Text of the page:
During my journey to learn the text within context, I was amazed to note that Jesus often referenced actual historical events. Most notably, Jesus references a couple of events in Herod’s life that would have been somewhat embarrassing to Herod.
In Luke 14:28-33 Jesus says,
28 “Suppose one of you wants to build a tower. Won’t you first sit down and estimate the cost to see if you have enough money to complete it? 29 For if you lay the foundation and are not able to finish it, everyone who sees it will ridicule you, 30 saying, ‘This person began to build and wasn’t able to finish.’
31 “Or suppose a king is about to go to war against another king. Won’t he first sit down and consider whether he is able with ten thousand men to oppose the one coming against him with twenty thousand? 32 If he is not able, he will send a delegation while the other is still a long way off and will ask for terms of peace. 33 In the same way, those of you who do not give up everything you have cannot be my disciples.
These two teachings reference events in the life of Herod, and are quite hilarious in that context. Herod taxed the people at an extremely high rate (some scholars believe the tax rate was 80-90%) in order to fund his extravagant building projects. The teaching of Jesus regarding an unfinished tower is most likely a reference to Herod increasing taxation to fund the building of his two unfinished towers in the Galilee. Archaeologists have found the remains of towers built by Herod Antipas in the first century in Tiberias and Sepphoris, and both cities are in Galilee. Jesus actually lived in Nazareth which is only a couple of miles away from Sepphoris, and it’s likely that he worked in Sepphoris with his father. There is no doubt that Jesus’ audience would have found a great deal of humor in this obvious yet subversive teaching.
The second part of this teaching is also a reference to a significant event in the life of Herod. Herod Antipas visited Rome, and sought to marry Herodias after he fell in love with her during his visit. She agreed, contingent upon the dissolution of Herod Antipas’ marriage to his current wife, the daughter of Aretas, the king of Arabia Petrea. Antipas agreed to the terms, much to the chagrin of his current wife. Upon learning of Herod’s plan and motivations, Aretas’ daughter traveled to her father’s kingdom and informed him of the betrayal. Aretas promptly declared war against Antipas and the two sent their generals and armies ahead to engage in battle, only to result in the total destruction of Antipas’ army. This event was so well known in the Eastern world that the Jews developed a theory about it, and believed that it was God’s divine judgment on Herod for his unjust execution of John the Baptist. It is clear, due to the documented familiarity of this event, that Jesus’ audience would recall this incident and reflect on the cost of discipleship. Again, this teaching would have resulted in humor from Jesus’ audience due to its obvious yet subversive nature.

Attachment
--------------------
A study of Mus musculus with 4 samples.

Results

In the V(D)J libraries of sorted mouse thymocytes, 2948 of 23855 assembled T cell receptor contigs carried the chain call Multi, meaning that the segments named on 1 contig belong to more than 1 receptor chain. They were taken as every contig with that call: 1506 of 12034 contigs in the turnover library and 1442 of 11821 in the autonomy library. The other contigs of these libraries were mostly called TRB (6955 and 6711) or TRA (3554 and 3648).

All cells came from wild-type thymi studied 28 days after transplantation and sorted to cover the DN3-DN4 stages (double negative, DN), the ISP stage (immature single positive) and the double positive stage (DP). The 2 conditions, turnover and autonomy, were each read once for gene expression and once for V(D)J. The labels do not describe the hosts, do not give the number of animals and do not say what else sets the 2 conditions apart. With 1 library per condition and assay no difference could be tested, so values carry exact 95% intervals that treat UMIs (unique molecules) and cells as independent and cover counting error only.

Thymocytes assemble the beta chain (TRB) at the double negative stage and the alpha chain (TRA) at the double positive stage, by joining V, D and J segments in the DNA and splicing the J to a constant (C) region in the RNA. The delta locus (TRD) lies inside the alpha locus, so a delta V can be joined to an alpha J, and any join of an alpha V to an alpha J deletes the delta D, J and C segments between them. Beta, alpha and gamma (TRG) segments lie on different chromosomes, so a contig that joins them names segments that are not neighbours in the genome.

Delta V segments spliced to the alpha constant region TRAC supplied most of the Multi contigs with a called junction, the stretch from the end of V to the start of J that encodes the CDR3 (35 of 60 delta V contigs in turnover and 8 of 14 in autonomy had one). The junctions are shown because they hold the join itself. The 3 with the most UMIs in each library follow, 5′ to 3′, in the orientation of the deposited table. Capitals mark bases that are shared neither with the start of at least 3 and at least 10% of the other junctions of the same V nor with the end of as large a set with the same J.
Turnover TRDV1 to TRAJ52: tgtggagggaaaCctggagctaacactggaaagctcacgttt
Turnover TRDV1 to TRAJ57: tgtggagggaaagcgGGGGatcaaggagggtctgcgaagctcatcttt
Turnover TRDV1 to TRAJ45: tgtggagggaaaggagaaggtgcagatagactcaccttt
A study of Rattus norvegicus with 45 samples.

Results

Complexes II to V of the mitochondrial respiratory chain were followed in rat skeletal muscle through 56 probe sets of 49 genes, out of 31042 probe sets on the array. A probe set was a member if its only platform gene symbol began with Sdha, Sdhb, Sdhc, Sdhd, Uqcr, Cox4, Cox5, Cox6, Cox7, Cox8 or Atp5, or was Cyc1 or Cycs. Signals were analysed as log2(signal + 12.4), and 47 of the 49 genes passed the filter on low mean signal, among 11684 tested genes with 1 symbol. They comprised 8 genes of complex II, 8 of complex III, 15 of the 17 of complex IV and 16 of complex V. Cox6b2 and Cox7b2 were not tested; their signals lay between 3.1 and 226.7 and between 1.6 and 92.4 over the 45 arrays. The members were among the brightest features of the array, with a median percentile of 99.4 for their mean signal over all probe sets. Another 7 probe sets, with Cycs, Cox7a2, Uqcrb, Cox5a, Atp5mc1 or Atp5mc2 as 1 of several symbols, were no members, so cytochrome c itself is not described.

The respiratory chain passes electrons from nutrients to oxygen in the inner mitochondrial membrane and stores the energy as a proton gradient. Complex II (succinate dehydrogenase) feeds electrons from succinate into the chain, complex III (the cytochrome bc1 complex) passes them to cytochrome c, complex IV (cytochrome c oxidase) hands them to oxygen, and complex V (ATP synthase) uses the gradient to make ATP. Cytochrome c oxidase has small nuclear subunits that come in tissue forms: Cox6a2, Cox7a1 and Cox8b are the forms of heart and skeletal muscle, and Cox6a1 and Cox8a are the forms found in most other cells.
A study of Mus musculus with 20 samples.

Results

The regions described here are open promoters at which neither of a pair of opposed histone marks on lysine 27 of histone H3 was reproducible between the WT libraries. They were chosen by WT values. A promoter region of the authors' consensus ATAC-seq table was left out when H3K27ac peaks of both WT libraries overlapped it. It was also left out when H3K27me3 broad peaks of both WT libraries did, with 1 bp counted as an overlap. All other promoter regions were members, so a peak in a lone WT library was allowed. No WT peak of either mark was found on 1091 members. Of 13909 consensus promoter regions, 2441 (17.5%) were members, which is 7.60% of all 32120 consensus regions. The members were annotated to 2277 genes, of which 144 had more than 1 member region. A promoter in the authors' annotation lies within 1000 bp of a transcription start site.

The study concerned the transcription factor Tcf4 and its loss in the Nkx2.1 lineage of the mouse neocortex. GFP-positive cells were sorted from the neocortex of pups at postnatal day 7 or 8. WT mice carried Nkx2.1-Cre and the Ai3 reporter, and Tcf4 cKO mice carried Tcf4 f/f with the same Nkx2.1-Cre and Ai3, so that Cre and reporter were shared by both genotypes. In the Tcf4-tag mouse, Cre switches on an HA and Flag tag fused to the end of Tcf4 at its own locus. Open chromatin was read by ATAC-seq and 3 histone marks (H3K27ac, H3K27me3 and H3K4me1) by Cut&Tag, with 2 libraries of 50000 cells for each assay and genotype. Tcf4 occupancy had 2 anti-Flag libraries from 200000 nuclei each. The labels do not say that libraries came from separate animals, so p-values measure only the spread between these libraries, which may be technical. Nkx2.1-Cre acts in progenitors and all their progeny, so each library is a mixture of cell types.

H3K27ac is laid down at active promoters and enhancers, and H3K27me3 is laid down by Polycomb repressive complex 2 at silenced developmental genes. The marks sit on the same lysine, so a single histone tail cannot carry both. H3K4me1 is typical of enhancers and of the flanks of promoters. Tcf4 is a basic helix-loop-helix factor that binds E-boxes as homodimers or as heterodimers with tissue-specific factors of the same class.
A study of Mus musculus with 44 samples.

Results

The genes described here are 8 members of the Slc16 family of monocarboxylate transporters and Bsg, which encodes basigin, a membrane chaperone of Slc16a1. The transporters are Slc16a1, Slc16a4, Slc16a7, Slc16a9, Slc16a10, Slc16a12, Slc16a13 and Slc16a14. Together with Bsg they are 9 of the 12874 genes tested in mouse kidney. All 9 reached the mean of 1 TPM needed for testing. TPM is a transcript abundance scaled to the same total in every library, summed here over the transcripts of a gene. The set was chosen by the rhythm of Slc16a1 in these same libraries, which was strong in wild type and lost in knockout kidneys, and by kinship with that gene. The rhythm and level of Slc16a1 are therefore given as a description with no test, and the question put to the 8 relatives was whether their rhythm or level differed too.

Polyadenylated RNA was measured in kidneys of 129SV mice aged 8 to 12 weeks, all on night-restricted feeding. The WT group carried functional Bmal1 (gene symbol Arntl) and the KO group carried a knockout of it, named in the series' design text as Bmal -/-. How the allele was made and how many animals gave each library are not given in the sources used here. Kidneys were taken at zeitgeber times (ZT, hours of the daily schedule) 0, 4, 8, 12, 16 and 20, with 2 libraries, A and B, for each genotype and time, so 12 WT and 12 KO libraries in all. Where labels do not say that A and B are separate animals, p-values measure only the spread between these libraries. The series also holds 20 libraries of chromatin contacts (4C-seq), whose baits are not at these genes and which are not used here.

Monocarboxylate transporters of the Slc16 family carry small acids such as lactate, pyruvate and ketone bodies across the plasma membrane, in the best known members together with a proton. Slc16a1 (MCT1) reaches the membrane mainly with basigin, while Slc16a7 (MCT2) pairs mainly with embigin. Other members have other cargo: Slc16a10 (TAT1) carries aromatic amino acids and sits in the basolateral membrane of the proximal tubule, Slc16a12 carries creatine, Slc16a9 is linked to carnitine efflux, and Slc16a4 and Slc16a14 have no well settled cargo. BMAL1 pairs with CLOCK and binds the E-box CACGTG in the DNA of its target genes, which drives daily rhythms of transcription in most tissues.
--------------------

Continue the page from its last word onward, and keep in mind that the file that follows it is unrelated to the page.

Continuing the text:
In Luke we also find that Herod was trying to kill Jesus and he is warned about this by the Pharisees. When Jesus hears this he says, “Go tell that Fox I will keep on driving out demons and healing people today and tomorrow, and on the third day I will reach my goal.” Jesus boldly confronts Herod, and calls him a “Fox,” which is rabbinic slang for someone who is a “poser” or a fraud.
This is the Jesus we find in the gospels, a brave and brilliant teacher who expertly uses references to the Hebrew scriptures, current political events, and the culture around him. He truly was a master rabbi and master teacher.